Will Obama's promises get mugged by reality?

Modern presidents have struggled to keep their campaign pledges. Here's how we can judge Obama's record.

By Egil "Bud" Krogh, Melanie D'Evelyn / August 13, 2009



Washington

The danger of being "mugged by reality" looms for a new president as he tries to follow through on campaign promises.


President Bush was not alone in his decision to renege. Modern US presidents have fulfilled less than 70 percent of their campaign promises, according to historical studies. So the question arises: How can citizens fairly judge a president's promises?

In his remarks to gay activists at the White House earlier this summer, President Obama said: "I want you to know that I expect and hope to be judged not by words, not by promises I've made, but by the promises that my administration keeps."

He may have meant to emphasize that results matter. Fair enough. But at face value, it sounds like we should disregard his "words" and "promises" he can't or won't keep and only look at the results of those promises he decides are important. That's disconcerting.

Promises matter. That was the consensus of former top presidential domestic policy advisers who participated recently at a symposium at the University of Virginia's Miller Center of Public Affairs. These advisers spoke candidly about the "realities" that assault new presidents, and they shared some ideas about how citizens can evaluate a president's promises. Here are three:

1. Do the president and his staff regard campaign promises as gospel?

Bruce Reed, who served President Clinton, said: "Campaign promises" should be seen as "gospel." They are "sacrosanct." He said that Mr. Clinton saw the campaign as the "ultimate job interview," and that the administration's success in honoring his campaign promises would determine whether the president would be "rehired." Mr. Reed described the extent to which this commitment filtered down to Clinton's staff. On Clinton's first day in office, The Washington Post ran a full-page spread listing all of his pledges. Reed and other staffers posted the list above their desks and referred to it on a daily basis.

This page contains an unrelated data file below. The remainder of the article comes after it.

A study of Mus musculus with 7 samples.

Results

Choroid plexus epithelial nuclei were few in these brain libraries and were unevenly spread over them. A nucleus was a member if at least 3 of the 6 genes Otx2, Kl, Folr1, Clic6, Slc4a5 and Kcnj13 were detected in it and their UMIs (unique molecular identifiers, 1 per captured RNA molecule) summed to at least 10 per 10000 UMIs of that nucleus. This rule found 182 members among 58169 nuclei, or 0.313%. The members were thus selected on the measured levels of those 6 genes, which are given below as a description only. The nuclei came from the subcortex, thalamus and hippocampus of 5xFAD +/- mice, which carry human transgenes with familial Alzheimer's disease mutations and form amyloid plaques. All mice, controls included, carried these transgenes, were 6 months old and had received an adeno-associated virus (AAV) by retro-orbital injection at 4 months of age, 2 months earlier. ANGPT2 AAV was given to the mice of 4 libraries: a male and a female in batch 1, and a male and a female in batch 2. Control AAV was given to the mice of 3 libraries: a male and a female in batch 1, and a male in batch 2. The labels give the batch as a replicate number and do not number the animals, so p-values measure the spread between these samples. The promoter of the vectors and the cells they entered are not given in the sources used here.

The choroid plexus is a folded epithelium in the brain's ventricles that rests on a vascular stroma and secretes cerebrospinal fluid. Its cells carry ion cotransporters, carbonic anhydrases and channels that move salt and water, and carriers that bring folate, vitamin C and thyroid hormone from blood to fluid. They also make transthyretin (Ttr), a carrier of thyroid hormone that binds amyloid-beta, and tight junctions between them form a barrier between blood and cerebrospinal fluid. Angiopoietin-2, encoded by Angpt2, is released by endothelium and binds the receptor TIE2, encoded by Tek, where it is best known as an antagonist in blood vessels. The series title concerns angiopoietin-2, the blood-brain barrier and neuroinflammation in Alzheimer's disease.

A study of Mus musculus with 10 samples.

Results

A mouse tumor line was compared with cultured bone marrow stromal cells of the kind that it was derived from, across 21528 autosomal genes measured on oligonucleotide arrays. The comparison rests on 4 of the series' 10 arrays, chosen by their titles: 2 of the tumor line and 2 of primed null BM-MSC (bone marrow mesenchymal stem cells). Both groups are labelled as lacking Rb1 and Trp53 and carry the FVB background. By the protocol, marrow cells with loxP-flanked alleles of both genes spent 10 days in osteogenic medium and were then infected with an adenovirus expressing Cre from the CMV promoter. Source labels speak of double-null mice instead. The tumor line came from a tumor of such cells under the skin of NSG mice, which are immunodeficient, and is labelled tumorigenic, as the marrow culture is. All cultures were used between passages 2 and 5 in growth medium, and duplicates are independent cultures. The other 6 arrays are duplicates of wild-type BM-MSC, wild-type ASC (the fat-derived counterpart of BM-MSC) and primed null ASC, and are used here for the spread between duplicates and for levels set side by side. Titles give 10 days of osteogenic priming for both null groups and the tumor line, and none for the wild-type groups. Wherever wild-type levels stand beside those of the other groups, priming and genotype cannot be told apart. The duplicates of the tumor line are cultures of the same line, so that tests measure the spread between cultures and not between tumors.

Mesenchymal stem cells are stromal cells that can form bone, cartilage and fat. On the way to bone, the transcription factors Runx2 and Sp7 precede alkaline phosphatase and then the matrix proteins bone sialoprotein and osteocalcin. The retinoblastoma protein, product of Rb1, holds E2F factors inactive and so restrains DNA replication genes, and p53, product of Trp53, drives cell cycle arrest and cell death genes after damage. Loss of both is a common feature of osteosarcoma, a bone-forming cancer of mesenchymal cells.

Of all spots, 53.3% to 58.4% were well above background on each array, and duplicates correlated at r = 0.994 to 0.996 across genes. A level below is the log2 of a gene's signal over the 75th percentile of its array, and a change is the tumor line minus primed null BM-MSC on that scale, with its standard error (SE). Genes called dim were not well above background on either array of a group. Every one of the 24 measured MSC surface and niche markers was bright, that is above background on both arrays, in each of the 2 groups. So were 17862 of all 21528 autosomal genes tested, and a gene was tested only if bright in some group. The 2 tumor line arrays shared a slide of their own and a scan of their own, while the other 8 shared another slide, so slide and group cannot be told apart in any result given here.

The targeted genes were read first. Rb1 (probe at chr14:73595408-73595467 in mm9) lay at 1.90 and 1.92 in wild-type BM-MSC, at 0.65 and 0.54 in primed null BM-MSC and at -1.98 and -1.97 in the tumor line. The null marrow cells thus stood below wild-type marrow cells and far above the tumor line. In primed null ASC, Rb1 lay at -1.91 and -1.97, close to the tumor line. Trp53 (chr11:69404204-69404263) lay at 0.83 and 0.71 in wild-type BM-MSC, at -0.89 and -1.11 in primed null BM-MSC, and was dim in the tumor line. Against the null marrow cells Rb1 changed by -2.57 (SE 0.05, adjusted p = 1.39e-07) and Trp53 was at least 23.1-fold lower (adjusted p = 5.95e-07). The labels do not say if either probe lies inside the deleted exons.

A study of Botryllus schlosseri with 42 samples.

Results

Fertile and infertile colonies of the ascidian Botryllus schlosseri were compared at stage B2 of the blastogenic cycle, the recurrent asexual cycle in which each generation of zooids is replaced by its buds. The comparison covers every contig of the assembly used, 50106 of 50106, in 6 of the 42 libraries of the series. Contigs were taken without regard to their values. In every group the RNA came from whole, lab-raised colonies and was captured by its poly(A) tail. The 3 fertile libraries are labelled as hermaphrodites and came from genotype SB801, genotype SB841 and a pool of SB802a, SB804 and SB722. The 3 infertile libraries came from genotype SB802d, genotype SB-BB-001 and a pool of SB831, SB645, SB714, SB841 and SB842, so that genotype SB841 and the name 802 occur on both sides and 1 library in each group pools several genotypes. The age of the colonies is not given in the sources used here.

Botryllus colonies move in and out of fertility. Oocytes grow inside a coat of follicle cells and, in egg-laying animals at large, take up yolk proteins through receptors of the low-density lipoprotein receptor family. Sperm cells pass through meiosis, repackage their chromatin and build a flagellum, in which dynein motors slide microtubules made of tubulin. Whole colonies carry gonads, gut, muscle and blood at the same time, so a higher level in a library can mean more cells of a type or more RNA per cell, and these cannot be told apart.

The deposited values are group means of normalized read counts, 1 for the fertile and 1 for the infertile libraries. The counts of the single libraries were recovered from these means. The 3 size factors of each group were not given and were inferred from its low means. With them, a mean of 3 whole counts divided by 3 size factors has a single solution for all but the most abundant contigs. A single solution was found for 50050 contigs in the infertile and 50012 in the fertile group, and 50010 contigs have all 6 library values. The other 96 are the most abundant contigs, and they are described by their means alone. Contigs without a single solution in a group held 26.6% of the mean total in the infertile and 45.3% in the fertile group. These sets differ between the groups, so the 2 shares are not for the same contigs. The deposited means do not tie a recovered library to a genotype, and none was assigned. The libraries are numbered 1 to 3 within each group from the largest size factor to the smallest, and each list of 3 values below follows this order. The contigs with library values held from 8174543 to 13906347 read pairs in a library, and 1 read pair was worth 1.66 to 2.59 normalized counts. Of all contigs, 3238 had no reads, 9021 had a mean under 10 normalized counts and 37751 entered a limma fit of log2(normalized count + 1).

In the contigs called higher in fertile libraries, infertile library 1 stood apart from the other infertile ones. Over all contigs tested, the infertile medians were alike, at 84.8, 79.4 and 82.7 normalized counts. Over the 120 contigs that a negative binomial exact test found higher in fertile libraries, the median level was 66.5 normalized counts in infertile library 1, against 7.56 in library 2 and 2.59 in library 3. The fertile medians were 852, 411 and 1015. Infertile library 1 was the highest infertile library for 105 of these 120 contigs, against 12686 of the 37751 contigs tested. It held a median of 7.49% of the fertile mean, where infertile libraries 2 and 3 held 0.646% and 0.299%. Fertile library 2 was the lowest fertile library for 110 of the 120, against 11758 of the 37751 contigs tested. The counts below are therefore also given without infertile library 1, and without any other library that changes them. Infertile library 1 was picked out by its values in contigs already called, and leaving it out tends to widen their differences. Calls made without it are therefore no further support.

2. Does the president prioritize the most fundamental campaign promises?

The president must take care in prioritizing his campaign promises. The more fundamental and categorical the promise, the more responsibility the president has to carry it through and the less forgiving will be the response if that promise is broken.

Margaret Spellings, who counseled President George W. Bush during his first term, confirmed that the promise Bush made to reform our educational system was one of the "must haves" (as opposed to the "nice to haves"). The "No Child Left Behind" program was the central initiative in Bush's domestic policy, and he spoke frequently and knowledgeably about its importance and implementation. As a result, the electorate understood the high priority he placed on educational reform. While Ms. Spellings acknowledged that "9/11 changed everything," and constrained Bush in pushing forward his promise of educational reform, he was nevertheless successful in getting most of his promised educational reform legislation passed.